NCSA plans Social Security study
- By Florence Olsen
- Jan 19, 2004
Officials at the National Center for Supercomputing Applications will conduct a yearlong data-mining study that could help the Social Security Administration get more citizens to use the agency's Ticket to Work program for people with disabilities.
For the study, SSA officials have given the supercomputing center enrollment data from the first 13 states that have started Ticket to Work programs. NCSA's Automated Learning Group will analyze that data using a Java programming and data-analysis tool that the NCSA created for solving large-scale science and engineering problems.
Costing almost $1 million, the study reflects a growing preference among some federal agencies for using computerized transaction data instead of surveys to analyze a program's effectiveness. NCSA officials said that, in this case, the research objective is to discover the attributes of citizens who have actually used the Ticket to Work program and then to create a computer model that might help SSA program managers find ways to get more people to use it.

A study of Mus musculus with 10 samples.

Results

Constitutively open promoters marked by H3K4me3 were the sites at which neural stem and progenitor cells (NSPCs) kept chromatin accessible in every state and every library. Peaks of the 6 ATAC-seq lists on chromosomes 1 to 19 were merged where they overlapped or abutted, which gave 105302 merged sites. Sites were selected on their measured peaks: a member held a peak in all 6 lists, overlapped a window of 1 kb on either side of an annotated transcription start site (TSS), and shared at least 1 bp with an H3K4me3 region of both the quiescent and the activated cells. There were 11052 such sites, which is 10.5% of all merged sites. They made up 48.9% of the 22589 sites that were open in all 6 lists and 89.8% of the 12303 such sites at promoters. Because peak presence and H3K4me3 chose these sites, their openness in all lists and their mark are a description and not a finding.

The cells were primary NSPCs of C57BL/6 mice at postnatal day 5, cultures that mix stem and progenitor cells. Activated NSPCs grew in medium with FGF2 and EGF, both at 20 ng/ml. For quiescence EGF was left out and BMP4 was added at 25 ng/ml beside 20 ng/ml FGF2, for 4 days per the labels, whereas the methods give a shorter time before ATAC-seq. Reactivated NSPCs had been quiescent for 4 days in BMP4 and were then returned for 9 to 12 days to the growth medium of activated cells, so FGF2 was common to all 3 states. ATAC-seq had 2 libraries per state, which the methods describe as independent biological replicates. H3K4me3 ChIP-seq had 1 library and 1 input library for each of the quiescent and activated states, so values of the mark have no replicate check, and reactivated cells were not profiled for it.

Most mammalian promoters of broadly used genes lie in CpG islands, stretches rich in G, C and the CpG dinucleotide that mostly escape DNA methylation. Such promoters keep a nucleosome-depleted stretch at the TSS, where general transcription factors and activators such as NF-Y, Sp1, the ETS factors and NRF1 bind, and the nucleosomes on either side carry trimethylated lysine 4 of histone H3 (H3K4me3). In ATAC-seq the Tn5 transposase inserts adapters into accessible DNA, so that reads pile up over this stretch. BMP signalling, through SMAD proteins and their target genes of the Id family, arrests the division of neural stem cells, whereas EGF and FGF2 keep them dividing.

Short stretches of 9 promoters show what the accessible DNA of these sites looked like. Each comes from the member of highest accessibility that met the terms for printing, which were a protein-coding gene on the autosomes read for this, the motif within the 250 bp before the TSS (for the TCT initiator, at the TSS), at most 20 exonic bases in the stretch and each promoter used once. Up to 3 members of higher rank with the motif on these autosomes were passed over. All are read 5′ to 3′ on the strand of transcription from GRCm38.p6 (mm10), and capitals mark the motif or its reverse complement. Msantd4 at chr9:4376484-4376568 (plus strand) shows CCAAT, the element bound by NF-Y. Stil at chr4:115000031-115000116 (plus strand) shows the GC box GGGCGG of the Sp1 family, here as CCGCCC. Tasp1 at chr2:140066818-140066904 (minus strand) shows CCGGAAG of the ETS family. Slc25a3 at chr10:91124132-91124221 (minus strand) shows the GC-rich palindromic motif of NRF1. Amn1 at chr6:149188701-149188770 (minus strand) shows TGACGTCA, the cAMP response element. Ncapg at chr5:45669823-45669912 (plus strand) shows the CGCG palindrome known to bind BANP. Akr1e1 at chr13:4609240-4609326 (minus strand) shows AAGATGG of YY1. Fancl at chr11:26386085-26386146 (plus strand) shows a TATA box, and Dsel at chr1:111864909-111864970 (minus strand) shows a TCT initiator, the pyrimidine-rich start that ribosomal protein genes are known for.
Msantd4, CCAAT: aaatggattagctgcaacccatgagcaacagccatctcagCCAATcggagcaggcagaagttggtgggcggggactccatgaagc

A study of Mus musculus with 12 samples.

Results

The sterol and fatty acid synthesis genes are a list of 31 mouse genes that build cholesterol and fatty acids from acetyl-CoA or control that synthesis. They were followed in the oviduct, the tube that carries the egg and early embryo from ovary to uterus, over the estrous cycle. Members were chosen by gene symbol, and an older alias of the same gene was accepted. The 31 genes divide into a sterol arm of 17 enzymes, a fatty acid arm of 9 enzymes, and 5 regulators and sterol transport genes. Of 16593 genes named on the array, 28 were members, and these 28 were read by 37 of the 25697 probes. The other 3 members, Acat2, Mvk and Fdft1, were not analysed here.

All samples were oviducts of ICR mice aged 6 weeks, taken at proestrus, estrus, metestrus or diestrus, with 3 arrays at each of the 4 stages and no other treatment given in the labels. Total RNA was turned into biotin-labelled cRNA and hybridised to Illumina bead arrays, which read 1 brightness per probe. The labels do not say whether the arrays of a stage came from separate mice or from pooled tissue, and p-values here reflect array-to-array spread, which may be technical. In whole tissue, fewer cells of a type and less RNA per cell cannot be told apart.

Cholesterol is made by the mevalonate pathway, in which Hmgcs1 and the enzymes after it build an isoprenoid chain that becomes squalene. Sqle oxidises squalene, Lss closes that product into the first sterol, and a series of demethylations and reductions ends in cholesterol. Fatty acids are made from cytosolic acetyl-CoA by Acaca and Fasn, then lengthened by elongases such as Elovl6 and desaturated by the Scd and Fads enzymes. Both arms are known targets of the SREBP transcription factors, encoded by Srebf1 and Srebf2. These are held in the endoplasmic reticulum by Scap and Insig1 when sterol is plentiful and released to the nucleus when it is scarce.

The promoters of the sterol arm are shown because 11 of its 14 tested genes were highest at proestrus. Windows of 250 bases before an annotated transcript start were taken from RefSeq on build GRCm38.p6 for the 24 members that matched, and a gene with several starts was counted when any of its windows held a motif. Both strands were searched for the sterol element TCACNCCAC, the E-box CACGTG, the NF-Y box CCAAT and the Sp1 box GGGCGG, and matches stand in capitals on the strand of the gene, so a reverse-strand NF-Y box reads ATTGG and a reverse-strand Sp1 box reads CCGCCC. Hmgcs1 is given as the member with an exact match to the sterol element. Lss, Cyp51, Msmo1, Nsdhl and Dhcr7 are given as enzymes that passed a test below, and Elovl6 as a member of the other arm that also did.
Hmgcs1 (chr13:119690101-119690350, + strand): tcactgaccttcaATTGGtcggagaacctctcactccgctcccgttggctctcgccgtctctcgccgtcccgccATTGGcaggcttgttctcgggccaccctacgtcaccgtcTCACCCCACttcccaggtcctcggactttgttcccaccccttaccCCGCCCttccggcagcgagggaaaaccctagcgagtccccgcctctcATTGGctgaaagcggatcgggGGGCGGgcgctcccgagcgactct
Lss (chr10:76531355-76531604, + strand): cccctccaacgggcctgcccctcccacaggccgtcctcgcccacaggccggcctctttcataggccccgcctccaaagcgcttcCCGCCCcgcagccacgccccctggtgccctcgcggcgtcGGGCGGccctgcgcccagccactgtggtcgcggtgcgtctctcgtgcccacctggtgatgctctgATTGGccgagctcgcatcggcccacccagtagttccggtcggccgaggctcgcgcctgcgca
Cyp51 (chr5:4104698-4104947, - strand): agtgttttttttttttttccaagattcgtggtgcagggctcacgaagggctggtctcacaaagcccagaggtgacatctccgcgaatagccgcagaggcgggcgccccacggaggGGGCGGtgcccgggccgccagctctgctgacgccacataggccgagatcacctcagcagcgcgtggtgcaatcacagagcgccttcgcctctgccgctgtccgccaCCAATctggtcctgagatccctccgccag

Through the Ticket to Work program, citizens with disabilities receive tickets that they can redeem at social service agencies, educational institutions or businesses that offer vocational rehabilitation, on-the-job placement or job placement services. SSA reimburses the service providers.
Money for the study comes from SSA through the Disability Research Institute at the University of Illinois at Urbana-Champaign, which is also the site of the NCSA. In 2000, the university opened the research institute with a five-year, $5.25 million grant from the SSA to study disability and income security. SSA spends approximately $90 billion a year on disability insurance and income programs.